A few days ago I received a call from a business owner conducting a reference check on a former co-worker of mine. She kept me on the phone for nearly a half hour to ask me several probing questions about the potential hire. I’ve fielded many reference calls over the years, but none of them were as strong as this one.
The typical call I get lasts five minutes with the reference checker basically saying, “We adore this candidate. You love ‘em, too, right?” They make the call hoping I won’t say anything that will cause concern about the candidate which would throttle their company back to square one of the hiring process.
These actions will help you conduct a real reference check instead of a quick cursory call:
- Ask the candidate for additional references you can call. Obtain the names of managers and co-workers beyond who is included on the reference list provided by the candidate. You should have some names to suggest based on the examples the candidate provided you during your interviews. These additional references will increase your chances of getting a legitimate review of the candidate’s work performance instead of a pre-planned endorsement. And if the candidate says, “No, don’t call anybody except for the list I gave you,” then you have a new issue to discuss.
- Take responsibility for the reference checks. The hiring manager is best qualified to discuss specifics of the job and have a supervisor-to-supervisor discussion about the candidate’s strengths and weaknesses. Don’t delegate reference checks to a junior member of your team who is not involved in the candidate’s hiring process.
- Clear your schedule … a good reference check requires time to dig into specific details about the candidate. Don’t try to squeeze in two calls between meetings. You’ll be able to check the calls off your to-do list, but you won’t achieve the outcome.
- … then clear your mind. Remember that blue flash memory eraser thing from the movie Men In Black? Pretend your pen is one of those, and erase your biases about the candidate before you make each phone call. Erase the attitude that you really, really hope the call goes well. Replace it with skepticism that there are details about the candidate you haven’t uncovered yet and you need to discover them on this call.
- Put on your sales hat. Some references you call won’t want to provide meaningful data on the candidate. You’ll have to convince them to be candid. One of my pleas goes something like this: “One manager to another, I want to know if I hire this person, will I be calling you back in six months asking why you didn’t warn me about the train wreck I was inviting into my company?”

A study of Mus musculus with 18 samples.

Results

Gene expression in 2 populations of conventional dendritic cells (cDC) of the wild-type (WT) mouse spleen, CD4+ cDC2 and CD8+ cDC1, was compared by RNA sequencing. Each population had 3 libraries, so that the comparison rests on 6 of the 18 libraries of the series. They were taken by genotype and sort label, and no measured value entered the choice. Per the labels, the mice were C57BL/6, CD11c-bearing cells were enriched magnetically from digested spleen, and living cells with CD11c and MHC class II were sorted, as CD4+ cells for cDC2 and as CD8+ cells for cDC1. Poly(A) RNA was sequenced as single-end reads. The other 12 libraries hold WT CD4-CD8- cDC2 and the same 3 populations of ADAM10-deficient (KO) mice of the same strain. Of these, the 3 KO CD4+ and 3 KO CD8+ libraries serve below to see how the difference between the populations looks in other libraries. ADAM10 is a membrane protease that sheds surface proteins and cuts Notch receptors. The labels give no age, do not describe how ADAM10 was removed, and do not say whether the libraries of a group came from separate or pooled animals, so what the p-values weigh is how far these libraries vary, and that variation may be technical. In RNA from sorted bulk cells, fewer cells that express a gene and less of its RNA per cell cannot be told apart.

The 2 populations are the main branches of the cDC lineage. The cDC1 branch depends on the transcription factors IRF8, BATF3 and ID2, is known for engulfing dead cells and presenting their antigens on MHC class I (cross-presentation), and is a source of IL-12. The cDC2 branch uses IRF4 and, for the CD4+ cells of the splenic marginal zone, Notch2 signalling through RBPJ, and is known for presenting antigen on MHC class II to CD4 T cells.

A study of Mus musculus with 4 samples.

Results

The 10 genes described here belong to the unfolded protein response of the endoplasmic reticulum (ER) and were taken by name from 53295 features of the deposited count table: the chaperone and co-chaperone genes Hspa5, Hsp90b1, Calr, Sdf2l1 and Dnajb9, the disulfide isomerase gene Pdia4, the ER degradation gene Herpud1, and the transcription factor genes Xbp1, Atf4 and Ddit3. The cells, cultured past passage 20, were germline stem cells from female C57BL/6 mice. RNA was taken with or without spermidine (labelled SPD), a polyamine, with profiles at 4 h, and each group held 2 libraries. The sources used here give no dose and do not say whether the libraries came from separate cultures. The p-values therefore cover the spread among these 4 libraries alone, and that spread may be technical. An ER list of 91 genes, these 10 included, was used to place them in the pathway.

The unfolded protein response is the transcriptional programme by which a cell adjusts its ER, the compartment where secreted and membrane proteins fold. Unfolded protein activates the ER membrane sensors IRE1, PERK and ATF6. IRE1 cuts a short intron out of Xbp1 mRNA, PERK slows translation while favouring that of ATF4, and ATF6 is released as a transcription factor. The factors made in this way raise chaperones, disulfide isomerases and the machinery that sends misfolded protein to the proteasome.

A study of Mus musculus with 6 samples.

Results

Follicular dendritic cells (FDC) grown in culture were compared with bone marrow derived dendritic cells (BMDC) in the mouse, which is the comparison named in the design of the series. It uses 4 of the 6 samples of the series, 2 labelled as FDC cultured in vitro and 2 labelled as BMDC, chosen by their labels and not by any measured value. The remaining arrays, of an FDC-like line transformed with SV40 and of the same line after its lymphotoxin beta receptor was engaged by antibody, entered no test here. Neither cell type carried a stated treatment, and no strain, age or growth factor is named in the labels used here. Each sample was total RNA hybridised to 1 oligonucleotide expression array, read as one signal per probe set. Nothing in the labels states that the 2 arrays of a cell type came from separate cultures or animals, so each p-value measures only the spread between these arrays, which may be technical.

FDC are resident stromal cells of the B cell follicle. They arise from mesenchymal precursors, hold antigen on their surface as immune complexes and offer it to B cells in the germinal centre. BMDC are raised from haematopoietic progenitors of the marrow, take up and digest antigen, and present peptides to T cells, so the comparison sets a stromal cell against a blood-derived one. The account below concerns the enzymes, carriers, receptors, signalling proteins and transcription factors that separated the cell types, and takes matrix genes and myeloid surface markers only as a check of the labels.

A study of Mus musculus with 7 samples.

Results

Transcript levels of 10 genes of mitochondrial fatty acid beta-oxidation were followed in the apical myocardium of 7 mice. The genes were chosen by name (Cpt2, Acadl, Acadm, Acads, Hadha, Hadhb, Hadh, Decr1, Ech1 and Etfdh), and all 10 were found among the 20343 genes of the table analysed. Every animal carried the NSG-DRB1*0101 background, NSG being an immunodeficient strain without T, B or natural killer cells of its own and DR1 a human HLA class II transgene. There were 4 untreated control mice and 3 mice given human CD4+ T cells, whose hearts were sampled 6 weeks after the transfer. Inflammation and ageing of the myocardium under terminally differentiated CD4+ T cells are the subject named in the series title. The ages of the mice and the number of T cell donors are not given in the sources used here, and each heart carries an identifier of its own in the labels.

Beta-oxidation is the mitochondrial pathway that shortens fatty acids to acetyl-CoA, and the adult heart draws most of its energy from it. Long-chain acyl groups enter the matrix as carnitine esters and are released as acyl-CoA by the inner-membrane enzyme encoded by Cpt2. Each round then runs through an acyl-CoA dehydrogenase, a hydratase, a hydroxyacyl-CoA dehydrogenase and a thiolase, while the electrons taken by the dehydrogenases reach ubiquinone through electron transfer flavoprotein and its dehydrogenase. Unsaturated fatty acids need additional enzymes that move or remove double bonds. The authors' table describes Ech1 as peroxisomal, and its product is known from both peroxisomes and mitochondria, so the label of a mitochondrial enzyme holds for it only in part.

- Sharpen your pencil. You should take detailed notes during the call. Don’t rely on your memory. Notes will enable you to compare conversations from different references and identify trends.
- Prepare a list of questions to ask on the call. Most of your reference-check questions should be aversion-based. Don’t ask only questions that are broad in scope (e.g., Can you tell me about John Smith?). Ask questions about aversions you have uncovered (e.g., Can you give me examples of John reacting to criticism? Any examples of him reacting poorly to criticism?). That being said, two questions I ask on every reference check call are “Why is he/she no longer with your company?” and “You seem to really like this person, but I’m sure they’re not perfect — none of us are. What one area of theirs could be improved?”
- React to the data you receive and ask follow-up questions in order to achieve a thorough understanding of the candidate’s work history. Questions such as “Why?” and “Can you give me a specific example?” help you obtain the truth.
Even after reading this list, you still might be hesitant to invest additional time into reference checking. And you might be downright distressed about calling past employers the candidate hasn’t listed as a reference. Here’s an example of when these tactics worked for my company:
A candidate provided us with several business references, each of whom gave positive feedback. A co-worker of mine was an acquaintance of the candidate’s former boss (who wasn’t listed as a reference) and we called to get his perspective. The former boss said the candidate left his company because he was caught stealing and that several co-workers thanked him for firing the man, whose arrogance regularly offended them. “I wouldn’t hire him again if you gave me a million dollars,” said the former boss. I’m sure glad we made that extra call.